Updated August 9, 2023
The FDA issued an advisory and an updated fact sheet this week regarding the correct dosage of the Moderna COVID-19 vaccine for infants and young children.
The CDC has updated clinical guidance for the Novavax Vaccine. Read the summary on the the CDC web site.
The American Medical Association (AMA) CPT Editorial Panel has updated its COVID-19 vaccine coding guidance with the release of COVID shots reformulated to target new variants. Read a summary of the updated guidance and get a list of the new active codes on FMP Journal's Getting Paid blog.
As of May 2023, the Centers for Disease Control and Prevention (CDC) updated its Interim Clinical Considerations for the use of COVID-19 vaccines in the United States. Please visit the Interim COVID-19 vaccine schedules to obtain the most updated guidance on COVID-19 vaccinations.
Guidance for use of Janssen (Johnson & Johnson) COVID-19 Vaccine has been removed as the vaccine is no longer available in the United States.
The FDA amended the EUA of the Pfizer-BioNTech COVID-19 Vaccine, Bivalentto provide for a single booster dose of the vaccine in children 6 months through 4 years of age at least 2 months after completion of primary vaccination.
Now that the COVID-19 vaccines are widely available for children and adolescents 6 months and older, parents and caregivers may have questions for you. Answering their questions and providing your expert opinion about COVID-19 vaccines can help reassure them about the safety of vaccinating their children.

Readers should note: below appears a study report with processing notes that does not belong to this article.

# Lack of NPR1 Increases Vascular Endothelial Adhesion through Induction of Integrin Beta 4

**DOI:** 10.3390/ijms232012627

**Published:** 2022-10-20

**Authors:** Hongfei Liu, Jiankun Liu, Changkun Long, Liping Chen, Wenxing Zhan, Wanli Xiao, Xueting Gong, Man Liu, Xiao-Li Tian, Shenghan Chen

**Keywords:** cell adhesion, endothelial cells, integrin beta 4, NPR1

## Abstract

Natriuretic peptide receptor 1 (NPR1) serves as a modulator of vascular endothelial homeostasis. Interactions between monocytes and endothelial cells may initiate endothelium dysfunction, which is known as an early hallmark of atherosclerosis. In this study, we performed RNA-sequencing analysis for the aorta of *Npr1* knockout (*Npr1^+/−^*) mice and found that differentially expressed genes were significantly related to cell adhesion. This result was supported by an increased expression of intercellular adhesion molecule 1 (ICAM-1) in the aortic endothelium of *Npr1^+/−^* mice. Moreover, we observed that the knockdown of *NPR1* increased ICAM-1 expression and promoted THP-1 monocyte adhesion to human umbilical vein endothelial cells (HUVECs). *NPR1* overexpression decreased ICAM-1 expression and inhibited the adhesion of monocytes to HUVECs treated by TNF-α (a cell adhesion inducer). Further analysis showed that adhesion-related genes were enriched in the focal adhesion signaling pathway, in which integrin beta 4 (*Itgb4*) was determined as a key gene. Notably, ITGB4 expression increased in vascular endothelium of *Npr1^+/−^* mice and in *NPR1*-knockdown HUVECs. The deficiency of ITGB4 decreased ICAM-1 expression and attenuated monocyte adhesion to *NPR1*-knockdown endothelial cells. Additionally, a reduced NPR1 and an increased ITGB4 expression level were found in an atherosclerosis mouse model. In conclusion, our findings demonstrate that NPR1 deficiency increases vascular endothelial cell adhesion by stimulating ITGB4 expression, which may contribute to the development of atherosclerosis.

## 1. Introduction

To guide you and your practice team in these conversations, the American Academy of Family Physicians (AAFP) has provided common questions, quick answers, and resources from the Centers for Disease Control and Prevention (CDC) to assist you in these important discussions.
Click to watch this Q&A session with Dr. Sterling Ransone, AAFP president and Dr. Cameron Webb, White House COVID-19 Response Team senior advisor.
They cover multiple topics, including:
Virus mutations are common, and SARS-CoV-2 variants continue being detected. The CDC is monitoring these variants and tracking spread across the U.S., as well as the effect on infection and disease. Researchers are also checking vaccine effectiveness against the different variants.
As of Nov. 30, the CDC recognized Omicron as a new variant of concern. There aren't a lot of details at this time. They will continue tracking the mutation and its impact.
This past summer and fall, the Delta variant spread faster and caused more infections. According to the CDC, it has
It is important to note that all the variants appear to have increased efficiency in spreading from person to person so the use of mitigation measures like masks, ventilation, hand washing, physical distancing, and quarantine are paramount. A Variant Classification scheme that defines three classes of SARS-CoV-2 variants has been developed and information for the different variants is provided at the links below:
The B.1.1.7 (Alpha), B.1.351 (Beta), P.1 (Gamma), B.1.427 (Epsilon), B.1.429 (Epsilon), and B.1.617.2 (Delta) variants circulating in the United States are classified as variants of concern. Use the CDC's map to see where the different variants are found in the U.S.
The American Medical Association continues publishing COVID-19 vaccine and administration codes. Their unique structure allows for tracking and accommodating multiple COVID-19 vaccines.
Check out information on the CDC's COVID-19 site, including:
Expect updates to this site, plus CDC’s Vaccination and Immunization site, as more information is available. It's critical that jurisdictions and federal entities receiving vaccine have information to implement an effective COVID-19 vaccination program.